Be perfect, therefore, as your heavenly Father is perfect. (Matthew 5:48, HCSB)
The Biblical Illustrator has the following comments on this passage:
Perfect. I. What is not to be understood by this requirement, or what Christian perfection is not. Not perfection of knowledge, freedom from temptation, conflict, etc.; II. What is the perfection here required? Perfect obedience to the law of God; III. That this perfection is a duty. For God requires it; and IV. That it is attainable. It is commanded-God wills it; it is promised; it is the object for which the Holy Spirit is promised and given, etc.
The first thing to understand is what perfect does not mean.
We will not be perfect in knowledge this side of heaven and we grow day by day (1 Corinthians 13:11-12; 4:15-16; Colossians 1:10; 1 Peter 2:2; and 2 Peter 3:18); though we have all we need in this present life, lacking nothing (2 Peter 1:2-4; Ephesians 1:3; Romans 8:31-32; 1 Corinthians 3:21; and 2 Corinthians 9:8).
We will not be free from temptation (Hebrews 4:15 and James 1:14), but will be provided a way out (1 Corinthians 10:12-13; James 4:7; and Hebrews 4:16); and the power over evil if we chose to use it (2 Corinthians 10:3-6; Ephesians 3:20 and 6:10-18; Colossians 1:11; Galatians 5:16-17; and Romans 8:37-39); and he who endures even receives a reward (James 1:12).
We will not be free from conflict or trials (John 16:33 and I Corinthians 10:13), but rather count it all joy as trials are a part of life for our growth (James 1:2-5, 12). I hear so many Christians talk of conflict and trials as something that can be avoided but I cannot find that in the Bible, and believe me I have looked for it. We cannot pray ourselves out of conflict because we live in a fallen world, but we can pray for help and wisdom in getting through these times.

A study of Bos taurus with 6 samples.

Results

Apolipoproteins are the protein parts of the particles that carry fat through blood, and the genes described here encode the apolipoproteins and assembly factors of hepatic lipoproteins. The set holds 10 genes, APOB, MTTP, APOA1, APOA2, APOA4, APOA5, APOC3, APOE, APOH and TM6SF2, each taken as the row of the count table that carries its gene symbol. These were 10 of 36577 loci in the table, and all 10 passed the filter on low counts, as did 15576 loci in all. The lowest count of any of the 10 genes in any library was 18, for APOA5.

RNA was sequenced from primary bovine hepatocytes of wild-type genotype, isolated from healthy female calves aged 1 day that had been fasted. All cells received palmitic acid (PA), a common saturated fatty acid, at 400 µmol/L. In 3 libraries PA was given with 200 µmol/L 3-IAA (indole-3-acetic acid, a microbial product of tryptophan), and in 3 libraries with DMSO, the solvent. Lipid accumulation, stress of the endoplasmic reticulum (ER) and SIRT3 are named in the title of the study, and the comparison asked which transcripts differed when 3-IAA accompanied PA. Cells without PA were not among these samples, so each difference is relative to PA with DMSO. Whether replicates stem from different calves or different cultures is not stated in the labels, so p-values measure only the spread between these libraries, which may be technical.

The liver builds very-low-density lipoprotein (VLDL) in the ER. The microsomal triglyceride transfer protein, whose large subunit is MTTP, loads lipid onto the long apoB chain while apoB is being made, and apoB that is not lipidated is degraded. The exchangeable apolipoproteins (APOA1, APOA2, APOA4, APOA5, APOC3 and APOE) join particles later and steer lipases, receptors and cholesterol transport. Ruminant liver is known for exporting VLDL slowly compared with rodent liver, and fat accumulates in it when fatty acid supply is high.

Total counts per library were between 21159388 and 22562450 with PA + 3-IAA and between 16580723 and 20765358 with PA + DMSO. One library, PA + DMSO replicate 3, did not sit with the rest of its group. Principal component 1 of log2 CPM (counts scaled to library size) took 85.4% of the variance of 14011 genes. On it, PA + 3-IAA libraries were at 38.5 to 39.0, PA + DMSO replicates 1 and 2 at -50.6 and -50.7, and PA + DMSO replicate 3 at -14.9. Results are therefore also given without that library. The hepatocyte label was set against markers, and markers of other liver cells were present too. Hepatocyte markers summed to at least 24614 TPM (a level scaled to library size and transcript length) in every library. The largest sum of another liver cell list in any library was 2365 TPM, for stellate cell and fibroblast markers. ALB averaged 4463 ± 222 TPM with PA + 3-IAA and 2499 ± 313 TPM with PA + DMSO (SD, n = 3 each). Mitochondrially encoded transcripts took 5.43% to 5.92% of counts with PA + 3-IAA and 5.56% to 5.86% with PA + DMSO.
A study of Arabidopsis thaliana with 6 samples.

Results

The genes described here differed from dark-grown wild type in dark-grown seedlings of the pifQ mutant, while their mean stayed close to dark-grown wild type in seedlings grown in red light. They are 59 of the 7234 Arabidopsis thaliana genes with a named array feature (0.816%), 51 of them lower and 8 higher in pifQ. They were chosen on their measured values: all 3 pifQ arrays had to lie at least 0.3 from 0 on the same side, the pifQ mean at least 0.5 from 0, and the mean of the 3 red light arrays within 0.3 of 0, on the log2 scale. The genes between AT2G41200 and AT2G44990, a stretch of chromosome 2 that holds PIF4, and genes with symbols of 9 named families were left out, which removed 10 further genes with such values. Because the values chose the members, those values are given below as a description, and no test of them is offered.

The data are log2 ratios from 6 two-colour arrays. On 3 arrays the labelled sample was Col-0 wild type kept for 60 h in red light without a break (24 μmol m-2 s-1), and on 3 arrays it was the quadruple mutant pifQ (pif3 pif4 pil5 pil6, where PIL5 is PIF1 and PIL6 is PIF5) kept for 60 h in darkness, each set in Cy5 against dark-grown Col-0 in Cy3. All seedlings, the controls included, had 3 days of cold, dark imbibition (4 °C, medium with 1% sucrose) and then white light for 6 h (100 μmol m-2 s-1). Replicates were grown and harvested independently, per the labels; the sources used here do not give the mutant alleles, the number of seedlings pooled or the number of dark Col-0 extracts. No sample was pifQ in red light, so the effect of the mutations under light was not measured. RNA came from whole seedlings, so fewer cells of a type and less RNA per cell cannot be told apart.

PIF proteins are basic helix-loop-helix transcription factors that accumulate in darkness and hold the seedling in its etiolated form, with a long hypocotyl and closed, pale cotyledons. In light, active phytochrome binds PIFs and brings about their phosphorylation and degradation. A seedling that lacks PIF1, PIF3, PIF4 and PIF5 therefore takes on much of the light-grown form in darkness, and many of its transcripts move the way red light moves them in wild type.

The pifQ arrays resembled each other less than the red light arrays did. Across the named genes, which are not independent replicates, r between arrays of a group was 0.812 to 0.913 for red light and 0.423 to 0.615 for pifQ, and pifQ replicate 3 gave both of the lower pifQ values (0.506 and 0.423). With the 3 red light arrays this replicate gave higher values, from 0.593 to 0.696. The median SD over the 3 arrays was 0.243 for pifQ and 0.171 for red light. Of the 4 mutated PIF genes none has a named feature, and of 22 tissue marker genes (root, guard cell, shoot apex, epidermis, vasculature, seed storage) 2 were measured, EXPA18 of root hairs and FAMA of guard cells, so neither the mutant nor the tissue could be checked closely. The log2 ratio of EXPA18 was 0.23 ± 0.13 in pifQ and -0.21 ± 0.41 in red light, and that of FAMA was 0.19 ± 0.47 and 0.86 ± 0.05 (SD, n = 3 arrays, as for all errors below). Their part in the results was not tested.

The second thing to understand is obedience is required (1 John 2:3-6; Matthew 28:20; and Romans 6:16, 26). There are imperatives (commands) after imperatives in the Bible. So believers think obedience is a work and grace will take care of everything. Once again I don’t find this in Scripture. We will address this passage from 1 John in a future blog, but for now recognize that obedience tells us certain things about our walk: it shows us that we really know Jesus and that the love of God is perfected in us.
The third thing to understand is that perfection is required (Matthew 5:48). I can get myself in trouble with this one! But as soon as you understand what perfection means in the Bible this becomes less hard to grasp, and that is my prayer for you and I in this blog series.
The fourth thing to understand is that perfection can be reached in the life of the true disciple or it would have never been commanded (Matthew 5:48). Perfection is a process that is past, present, and future. This should become clear with the blogs that proceeded and follow this post.